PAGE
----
Tuesday, March 3, 2009

Snow . . . and a bit of history

Images of Madison Square Park (and the Flatiron Building) after yesterday's snow. The statue is Chester A. Arthur, who rose to the presidency in 1881 after the assassination of James A. Garfield by a disaffected - and deranged - office seeker. It's ironic that Arthur would have to support and preside over passage of the resulting Pendleton Civil Service Reform Act. As the base of the statue points out, Arthur served in the most lucrative - and perhaps most corrupt - position available in the pre-Pendleton civil service system: collector of customs for the port of New York. Traditionally, collector of customs posts around the country were handed out to the most prominent of local party leaders as rewards for significant service. Although the federal government had established a schedule of regular fees to be paid at its customs houses, the collectors presided over a shadow system of bribes and kickbacks that offered the potential for great wealth in the larger port cities. Moreover, collectors usually controlled appointments for a small army of subordinate positions, from assistant collectors down to weighers and measurers who handled incoming goods. In performing this role, customs collectors thus reinforced party loyalty at the local level.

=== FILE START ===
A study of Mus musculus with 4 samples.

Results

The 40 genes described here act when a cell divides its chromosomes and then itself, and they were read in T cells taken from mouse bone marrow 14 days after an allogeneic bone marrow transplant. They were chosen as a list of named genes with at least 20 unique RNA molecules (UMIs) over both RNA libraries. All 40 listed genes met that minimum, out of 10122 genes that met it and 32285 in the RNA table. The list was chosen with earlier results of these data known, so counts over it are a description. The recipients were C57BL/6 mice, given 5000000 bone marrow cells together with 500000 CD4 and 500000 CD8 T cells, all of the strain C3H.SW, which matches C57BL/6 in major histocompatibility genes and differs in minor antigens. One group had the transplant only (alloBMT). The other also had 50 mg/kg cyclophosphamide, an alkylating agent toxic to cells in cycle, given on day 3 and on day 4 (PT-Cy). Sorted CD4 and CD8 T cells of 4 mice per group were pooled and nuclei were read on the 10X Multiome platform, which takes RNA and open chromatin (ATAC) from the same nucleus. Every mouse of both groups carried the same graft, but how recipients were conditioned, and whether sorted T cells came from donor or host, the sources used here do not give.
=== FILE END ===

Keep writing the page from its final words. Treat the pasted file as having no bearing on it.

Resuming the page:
Always the pragmatic politician, Chester A. Arthur understood that the public outcry for civil service reform following Garfield's death could not be ignored. Sure, Garfield had enjoyed little time in office (two months) before being shot by Charles Guiteau in a Washington railroad station. Nevertheless, his death four months later sparked a national outcry, and, in all likelihood, reopened the emotional wounds inflicted by Abraham Lincoln's assassination just 16 years earlier. (Ironically, Lincoln's son, Robert Todd Lincoln, was with Garfield at the station when Guiteau shot the president.)

Mind you, this issue was hardly a new one and promised to be a key issue during the Garfield administration even without the assassination. Reform-minded politicians and critics of the highly politicized civil service system had advocated creation of a merit-based system for decades. Civil service appointments usually dominated presidents' first months in office, and often proved a vexing process. As an editor with the Papers of James K. Polk, I remember Polk's oft-stated complaints about the incessant parade of office seekers who appeared at the White House, hats in hands, letters of introduction at the ready, begging for consideration. Indeed, a majority of the correspondence to Polk during his fist several months in office was penned by desperate citizens soliciting positions at every level, from consulships to village postmasters.

Ok, this doesn't have much to do with snow in Madison Square Park, but the statue of Arthur reminded me of the Garfield assassination and the campaign for civil service reform!




Barbara said...

Cool lesson and awesome photos! It's chilling to think that between 1865 and 1901 three presidents were assassinated, all by gun shots.